This is a RUSH transcript from "The O'Reilly Factor," November 21, 2016. This copy may not be in its final form and may be updated.

(BEGIN VIDEO CLIP)

DONALD TRUMP (R), THEN-PRESIDENTIAL CANDIDATE: This is one of the worst deals ever made by any country in history. The deal with Iran will lead to nuclear problems. All they have to do is sit back ten years.

(END VIDEO CLIP)

BOLLING: With much of Obama's foreign policy legacy hanging on the deal's success, "The Wall Street Journal" is reporting that his administration is considering measures to strengthen the agreement before Donald Trump takes over.

Joining us now from Washington for analysis, Fox News' strategic analyst, Colonel Ralph Peters. Colonel, your thoughts on President Obama -- he has 59 days left and will go after one of the things that Donald Trump was highly regarded for to break up that Iran nuclear deal. Your thoughts?

LT. COLONEL RALPH PETERS, FOX NEWS STRATEGIC ANALYST: President Obama speaking without hyperbole has been the most disastrous foreign policy president of my lifetime or yours, Eric. And now he's not thinking this through.

He's so desperate and so fervently crazed to preserve this inept nuke deal with Iran, he's not thinking it through. He's trying to box Trump in. The problem is he's going to be able to do it. He's granting business licenses for U.S. corporations.

He's allowing U.S. corporations to do deals that involve the Revolutionary Guards with fig leaf where they cannot control a majority stake. He's lifted sanctions. The Europeans are not --

BOLLING: That's a big one, Colonel. He will further lift sanctions to do more dealings with Iran, but even before we know if they'll abide by their end of the agreement.

PETERS: We know they're not abiding. Here's the point. With Obama taking away the peaceful tools we have to influence Iran, sanctions, withholding licenses, trade and dollars, he is making it inevitable -- Mr. Nobel Peace Prize president is making it inevitable that we will wind up shooting at Iranians and with Iranians shooting at us.

Military option is all Obama is leaving the next president and with Iranians running wild across the Middle East, destructive, Syria, Iraq, Yemen and elsewhere, Lebanon, Gaza. We have no options left but to pull triggers and that's sad. What a legacy.

BOLLING: He can always reinstitute sanctions and maybe stop that cash flow that we promised them that we are handing over, possibly too late.

Let's move to this other one. Earlier we saw President Obama meeting with Vladimir Putin, Russian President Putin. It was a bit of an icy exchange. The two of them staring down each other a little bit.

Your thoughts on whether or not a Donald Trump presidency will soften that or I guess melt some of the ice between the two countries?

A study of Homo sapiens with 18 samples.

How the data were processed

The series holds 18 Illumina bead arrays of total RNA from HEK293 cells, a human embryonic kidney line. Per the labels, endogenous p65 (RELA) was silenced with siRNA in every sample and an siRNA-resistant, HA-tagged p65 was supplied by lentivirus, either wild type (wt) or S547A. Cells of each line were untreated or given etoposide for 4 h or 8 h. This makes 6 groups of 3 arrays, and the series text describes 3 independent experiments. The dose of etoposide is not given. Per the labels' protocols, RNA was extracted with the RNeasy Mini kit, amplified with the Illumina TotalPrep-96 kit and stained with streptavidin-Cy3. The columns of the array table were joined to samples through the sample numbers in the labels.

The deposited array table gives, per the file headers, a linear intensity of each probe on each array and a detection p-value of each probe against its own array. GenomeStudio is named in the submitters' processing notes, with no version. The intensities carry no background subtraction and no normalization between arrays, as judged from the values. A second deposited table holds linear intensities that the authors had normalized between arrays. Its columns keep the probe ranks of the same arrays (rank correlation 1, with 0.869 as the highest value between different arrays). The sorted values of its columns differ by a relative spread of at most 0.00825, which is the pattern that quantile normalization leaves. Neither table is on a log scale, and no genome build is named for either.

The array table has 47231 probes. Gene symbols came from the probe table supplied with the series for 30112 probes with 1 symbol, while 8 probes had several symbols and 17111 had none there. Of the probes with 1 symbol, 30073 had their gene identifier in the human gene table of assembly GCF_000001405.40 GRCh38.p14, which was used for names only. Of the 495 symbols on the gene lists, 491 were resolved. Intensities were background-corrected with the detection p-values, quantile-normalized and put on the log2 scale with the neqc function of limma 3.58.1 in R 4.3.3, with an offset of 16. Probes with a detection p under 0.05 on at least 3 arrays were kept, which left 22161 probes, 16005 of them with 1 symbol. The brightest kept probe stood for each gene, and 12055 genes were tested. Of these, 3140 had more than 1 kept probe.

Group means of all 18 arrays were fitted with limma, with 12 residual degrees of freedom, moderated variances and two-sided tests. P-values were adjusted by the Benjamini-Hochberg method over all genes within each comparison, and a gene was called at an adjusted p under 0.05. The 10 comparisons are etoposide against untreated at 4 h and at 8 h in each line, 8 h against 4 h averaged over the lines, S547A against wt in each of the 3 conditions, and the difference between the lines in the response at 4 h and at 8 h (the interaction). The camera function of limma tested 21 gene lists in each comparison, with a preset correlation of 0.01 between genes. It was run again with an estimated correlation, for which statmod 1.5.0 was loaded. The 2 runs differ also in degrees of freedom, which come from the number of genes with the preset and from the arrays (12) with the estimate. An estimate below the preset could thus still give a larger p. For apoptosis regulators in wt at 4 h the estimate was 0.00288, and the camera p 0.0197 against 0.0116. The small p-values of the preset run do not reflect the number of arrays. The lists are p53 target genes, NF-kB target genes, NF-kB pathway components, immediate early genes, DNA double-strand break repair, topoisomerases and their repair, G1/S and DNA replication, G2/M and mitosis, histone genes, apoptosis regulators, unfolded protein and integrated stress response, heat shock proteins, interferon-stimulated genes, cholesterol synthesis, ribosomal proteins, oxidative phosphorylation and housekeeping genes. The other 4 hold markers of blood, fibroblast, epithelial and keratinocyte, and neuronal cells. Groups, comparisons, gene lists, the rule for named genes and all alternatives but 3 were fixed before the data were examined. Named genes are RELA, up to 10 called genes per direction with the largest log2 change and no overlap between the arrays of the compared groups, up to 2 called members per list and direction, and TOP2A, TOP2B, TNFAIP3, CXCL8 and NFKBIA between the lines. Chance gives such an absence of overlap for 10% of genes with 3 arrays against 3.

PETERS: My greatest worry about the president-elect is that he either doesn't understand Putin and Russia -- he just doesn't get it. Vladimir Putin is our implacable enemy not because we choose but it's engrained in him. It goes to his little black heart. He hates the United States. He wants to hurt us.

He's humiliated two U.S. presidents in a row, George W. Bush and Barack Obama, and he is good. Westerners always underestimate Putin. He did influence our election through Wikileaks.

I'll tell you that's the one area in foreign policy where I see Mr. Trump as very, very vulnerable. He needs to get smart on Russia. Putin will never be our friend.

BOLLING: Colonel Peters, what is the ulterior motive in all of this?

PETERS: Putin is very straightforward. In short-term he wants sanction relief because the Russian economy is hurting. He wants Trump to recognize Crimea as a legitimate part of Russia. Above all, he wants to --

BOLLING: Is that what he's looking at? So Russia can further taking of Ukraine?

PETERS: He wants the eastern two-thirds of Ukraine. Western parts of is complex story on that one. He's trying to re-establish not the Soviet empire. He knows he can't do that. He's trying to re-establish the empire of the czars. Problem is that includes Eastern Poland, Central Asia, et cetera. So his goals are simple. He wants to stick it to us. He wants to break up NATO. He's passionate about it.

BOLLING: It's insane, Colonel. It's in Russia's best interest if we do well. If our economy is strong, we use a lot of oil. Russia, that's their number one export is oil. They would want a stronger U.S. economy I would think.

PETERS: You have to understand the Russians. One of these Russians (inaudible), they would cut off their arm if they knew it would mean we had to cut off our finger.

BOLLING: All right, we'll leave it right there. Colonel Peters, thank you very much.